How Literature Affects My Art


The Tibetan Book of the dead is not so much about being dead as it is on how to live your life so that being dead won’t be such a terrible trial for your soul. Jung held the book to be his constant companion in his search for the truth about human consciousness. Far be it for me to discount either sources.


  1. katmcdaniel says:

    I’m a Jung junkie too! Enough of what he says makes sense to me to make me want to decipher the rest. It’s nice to know there are more Jungians out there. Thank you!

    kat

  2. masqua says:

    I’m of the opinion that Jung has, so far, not received the attention he truly deserved. The focus on psychology has unfortunately remained on Freud who, imho, never was able to accept anything beyond early sexuality as an influence to psychological trauma. At least Jung has proved our entire lives are prone to it.

    To make matters even worse, the bright light of the Jungian process has been eclipsed by the money hungry duo of psychiatry and big pharma.

    Oh… don’t get me going LO

  3. simonhlilly says:

    I agree with you on the worth of Jung. I think his ideas are too scary, the consequences of accepting the power of the mind, too far reaching for the status quo of Western dogma to seriously consider. What a strange and wonderful place the world would be now had Jung and Tesla not been sidelined!….

  4. I’ve been re-reading Dreams, Memories and Reflections. Great book. Helps me to make sense of some of my own experiences in the intermediate world/bardo of dreams. Also, Psychology and Alchemy is a wonderful inspiration. For me, study of Tibetan Book of the Dead is essential for life and death.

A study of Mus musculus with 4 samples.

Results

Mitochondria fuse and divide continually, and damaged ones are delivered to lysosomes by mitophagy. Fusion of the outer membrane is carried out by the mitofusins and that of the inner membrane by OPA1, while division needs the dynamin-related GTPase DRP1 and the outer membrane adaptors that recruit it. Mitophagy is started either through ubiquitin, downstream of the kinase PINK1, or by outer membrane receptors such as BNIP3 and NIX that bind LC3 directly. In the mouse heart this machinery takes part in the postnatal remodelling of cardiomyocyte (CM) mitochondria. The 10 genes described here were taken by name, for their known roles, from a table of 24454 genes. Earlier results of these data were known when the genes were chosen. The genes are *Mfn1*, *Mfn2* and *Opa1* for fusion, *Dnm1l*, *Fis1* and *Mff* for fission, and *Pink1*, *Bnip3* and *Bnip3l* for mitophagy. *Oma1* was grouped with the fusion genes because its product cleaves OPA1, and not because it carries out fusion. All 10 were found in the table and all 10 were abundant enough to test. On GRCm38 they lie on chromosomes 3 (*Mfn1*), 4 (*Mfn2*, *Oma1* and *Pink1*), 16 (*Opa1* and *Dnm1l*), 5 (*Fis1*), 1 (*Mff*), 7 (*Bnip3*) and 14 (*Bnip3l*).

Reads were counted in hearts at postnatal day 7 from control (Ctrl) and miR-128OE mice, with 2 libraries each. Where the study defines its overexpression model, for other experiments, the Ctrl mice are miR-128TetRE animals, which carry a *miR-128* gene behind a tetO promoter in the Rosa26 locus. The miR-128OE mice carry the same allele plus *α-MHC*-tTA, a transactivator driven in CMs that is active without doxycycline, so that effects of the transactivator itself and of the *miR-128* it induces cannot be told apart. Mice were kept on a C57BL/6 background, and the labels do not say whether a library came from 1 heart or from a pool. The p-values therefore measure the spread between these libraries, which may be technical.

• masqua says:

      That’s great to hear. I’ve worn out one old copy and already re-read a recently purchased new edition. Memories, Dreams and Reflections is the best way for anyone to get introduced to Jung’s huge collection of writings and I’d advise anyone interested to read that before diving into his many other works. I also have Psychology and Alchemy on my shelf along with many others. Two little volumes that I think equally important to new readers are ‘Man and his Symbols’ and ‘Modern Man in Search of a Soul’.

      Last summer, I bought the first American edition of ‘The Red Book’ and all I can say about it is that everything I’ve learned about Jung pales in comparison.

      I’ll be posting a photograph of that volume soon.

  5. Geo Sans says:

    I’ve always be interested in Jung

    after being introduced to concepts

    from Robertson’s Davies “Fifth Business”

    ~

    I’ve never read his books

    but have always wanted to

    note: library visit soon

    ~

    I saw a documentary

    during the weekend

    called the Quantam Activist

    and they mentioned the

    Tibetan Book of The Dead

    ~

    another library note …

    • masqua says:

      Get Jung’s ‘Memories, Dreams and Reflections’. If there’s anything in that little book which manages to fire your imagination, you’ll be away on an reading adventure you’d never expect in this lifetime.